Roadtripping: The Extraterrestrial Highway


Highway 375, Nevada

April 2, 2021

We spent a few days in Las Vegas to get out of Los Angeles for a bit.  Our purpose was to do some exploring outside of the Las Vegas environs.  We also did a hike on the Historic Railroad Trail near the Lake Mead Recreation Area in Boulder City, Nevada.  We did a mid-week trip arriving in Las Vegas on Tuesday and leaving on Friday.  We figured this would limit crowds, but we forgot about spring break being that week for many schools so there were actually a lot of families in Las Vegas that week. The weather was perfect for Las Vegas with high temperatures in the low 70s and upper 60s.

Instead of heading home from Las Vegas, we went north on Interstate 15 and continued north on Highway 93 to get to Highway 375 otherwise known as the Extraterrestrial Highway.  Our first stop for the official ET Highway was at the E-T Fresh Jerky in Crystal Springs.  This little snack shop has a few souvenirs and clean bathrooms.  It’s hard to miss as it is exactly at the junction on Highway 93 to turn left onto the ET Highway.  It has an enormous dirt parking lot in front of the buildings.  The jerky shop is a small trailer on the right, but the left building appears to be a ruin of some sort which has alien themed painted murals ripe for taking lots of fun photos.  I was really taken surprise by how eerily quiet it was there.  We weren’t the only people there, but there were no sounds of birds or anything else at all. 

There is a little island once you turn onto Highway 375 with some trees and picnic tables.  We stopped to take photos under the Extraterrestrial Highway sign.  There were a couple of other people there to take photos, too.  These were the same people we had seen at E-T Fresh Jerky, and everyone was really friendly and offering to take other’s photos under the sign. 

Extraterrestrial Highway Sign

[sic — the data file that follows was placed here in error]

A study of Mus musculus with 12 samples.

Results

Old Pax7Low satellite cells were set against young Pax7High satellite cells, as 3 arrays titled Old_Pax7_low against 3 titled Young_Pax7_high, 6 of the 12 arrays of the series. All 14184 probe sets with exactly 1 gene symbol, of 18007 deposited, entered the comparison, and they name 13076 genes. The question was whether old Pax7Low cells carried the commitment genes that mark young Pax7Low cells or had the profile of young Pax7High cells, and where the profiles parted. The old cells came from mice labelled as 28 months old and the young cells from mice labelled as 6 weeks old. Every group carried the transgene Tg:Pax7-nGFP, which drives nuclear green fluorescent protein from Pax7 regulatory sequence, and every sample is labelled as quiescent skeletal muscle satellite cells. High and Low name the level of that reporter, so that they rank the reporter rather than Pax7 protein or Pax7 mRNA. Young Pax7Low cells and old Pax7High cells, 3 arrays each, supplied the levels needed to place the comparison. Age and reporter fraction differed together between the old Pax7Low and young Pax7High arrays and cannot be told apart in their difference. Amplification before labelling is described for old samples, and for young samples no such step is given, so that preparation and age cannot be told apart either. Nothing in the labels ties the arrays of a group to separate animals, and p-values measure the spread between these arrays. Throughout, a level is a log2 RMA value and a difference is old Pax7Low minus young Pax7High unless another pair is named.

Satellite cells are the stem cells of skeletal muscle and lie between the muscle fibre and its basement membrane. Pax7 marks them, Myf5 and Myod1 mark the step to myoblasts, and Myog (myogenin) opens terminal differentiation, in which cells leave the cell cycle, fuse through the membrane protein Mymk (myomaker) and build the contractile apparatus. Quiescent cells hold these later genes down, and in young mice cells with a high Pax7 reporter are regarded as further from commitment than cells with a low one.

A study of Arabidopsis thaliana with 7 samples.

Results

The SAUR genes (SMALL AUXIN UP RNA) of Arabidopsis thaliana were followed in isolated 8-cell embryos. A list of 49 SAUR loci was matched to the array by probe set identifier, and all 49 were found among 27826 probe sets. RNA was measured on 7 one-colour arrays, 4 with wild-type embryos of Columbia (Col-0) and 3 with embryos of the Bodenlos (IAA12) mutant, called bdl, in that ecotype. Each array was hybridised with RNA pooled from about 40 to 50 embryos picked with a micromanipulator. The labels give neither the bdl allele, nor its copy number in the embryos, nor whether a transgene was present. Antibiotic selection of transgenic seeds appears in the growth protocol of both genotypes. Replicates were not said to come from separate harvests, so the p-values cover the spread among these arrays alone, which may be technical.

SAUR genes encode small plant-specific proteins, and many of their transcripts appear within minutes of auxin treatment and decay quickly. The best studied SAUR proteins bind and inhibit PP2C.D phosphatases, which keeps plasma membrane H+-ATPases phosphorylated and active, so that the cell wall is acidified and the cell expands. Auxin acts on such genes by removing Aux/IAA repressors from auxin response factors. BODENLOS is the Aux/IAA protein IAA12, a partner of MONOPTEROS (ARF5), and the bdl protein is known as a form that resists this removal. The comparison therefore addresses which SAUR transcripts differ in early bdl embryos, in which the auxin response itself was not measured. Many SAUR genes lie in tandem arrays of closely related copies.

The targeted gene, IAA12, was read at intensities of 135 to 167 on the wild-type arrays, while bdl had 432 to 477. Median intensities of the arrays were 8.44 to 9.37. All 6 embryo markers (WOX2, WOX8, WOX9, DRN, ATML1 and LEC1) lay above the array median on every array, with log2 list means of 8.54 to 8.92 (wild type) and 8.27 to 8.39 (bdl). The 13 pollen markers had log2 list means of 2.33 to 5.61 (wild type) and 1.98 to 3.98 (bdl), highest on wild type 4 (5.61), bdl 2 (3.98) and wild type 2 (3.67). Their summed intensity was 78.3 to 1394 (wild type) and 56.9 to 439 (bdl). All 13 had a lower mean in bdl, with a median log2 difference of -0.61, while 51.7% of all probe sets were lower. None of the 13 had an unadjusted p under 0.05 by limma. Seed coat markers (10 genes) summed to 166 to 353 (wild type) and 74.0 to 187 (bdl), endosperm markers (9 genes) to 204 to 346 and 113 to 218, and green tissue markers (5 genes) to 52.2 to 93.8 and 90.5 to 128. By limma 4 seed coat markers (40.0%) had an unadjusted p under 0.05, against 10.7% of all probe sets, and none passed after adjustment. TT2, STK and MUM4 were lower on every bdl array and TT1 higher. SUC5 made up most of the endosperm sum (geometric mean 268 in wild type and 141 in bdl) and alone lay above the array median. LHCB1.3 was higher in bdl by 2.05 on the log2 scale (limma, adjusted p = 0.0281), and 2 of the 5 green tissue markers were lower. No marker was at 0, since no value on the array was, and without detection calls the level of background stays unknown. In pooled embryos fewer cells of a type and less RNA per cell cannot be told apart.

Our next stop was a short drive to the Alien Research Center which is located on the right side of the highway on a small hill.  There are lots of ET Highway souvenirs available as well as Star Wars, Area 51, and The X-Files to buy.  I bought a “I survived the Extraterrestrial Highway 2021” t-shirt before we continued on our trip. 

It was a much longer drive to our next stop which was in Rachel, Nevada where Area 51 is located.  We stopped for lunch at the Little A’Le’Inn restaurant.  I believe they also have accommodations at Little A’Le’Inn, but we weren’t staying so I didn’t look into it much.  We had the “famous” A’Le’Inn burger which is served on a roll rather than a hamburger bun.  It came with a drink with a choice of pasta salad or potato salad.  I chose a Coke and potato salad.  The meal was good, but it wasn’t great.  They have a bar with alien themed drinks, but we had a long drive ahead of us so no drinks for us.  They also have a good selection of souvenirs, and I purchased a Little A’Le’Inn t-shirt, souvenir medallion, and a couple of pins.  Outside in front of the diner is a time capsule put in place by Twentieth Century Fox studio who filmed parts of the 1996 film Independence Day in the area.  The time capsule is to be opened in the year 2050.

Most of Highway 375 is completely flat and you can see for many miles around you.  It’s a two-lane highway with many signs warning about open range cattle.  Every time we saw a sign we would look and ask “where are these cows they keeping warning us about?”  We probably drove over 100 miles past the Alien Research Center before I saw the first cow, but it was on the side of the road dead.  We saw many more dead cows on the side of the highway over the rest of the drive.  This area is completely dark at night and the cows are hit by vehicles including large 18-wheelers.  We saw many more live cattle than dead, but it still made me a little sad each time I saw a dead cow. 

Snow capped mountains in the flat desert.

We continued to Tonopah which is located off of Highway 6.  We only got to explore the Tonopah Historic Mining Park, and we only had time to see a small section of the park.  We started off in the park’s visitor center/gift shop to pay the $5 per person fee for the self-tour of the park and to watch a short informational film about the history of the town and silver mining in the area.  It’s nicely air-conditioned inside the theater room and it’s a quick 10-15 minute film which gives insight into the mines and mining equipment you’ll see outside.  The film and the exhibits inside the visitor center is free.  We used the restrooms, and I bought a few souvenirs before we headed outside to do our tour.  We had a great time, and we’re hoping to return to Tonopah when we do our Loneliest Road trip being planned for this September. 

From Tonopah, we headed home to Los Angeles which was going to be a 6 hour drive.  We filled the gas tank in Tonopah and stopped to refuel in Baker, California where we also got some dinner.   Originally we had intended to do the Extraterrestrial Highway road trip during a day during our stay in Las Vegas, but I decided I didn’t want to spend two days driving so we moved it to the day we were leaving Las Vegas.  That made the drive home more exhausting after spending a majority of the day driving across Nevada.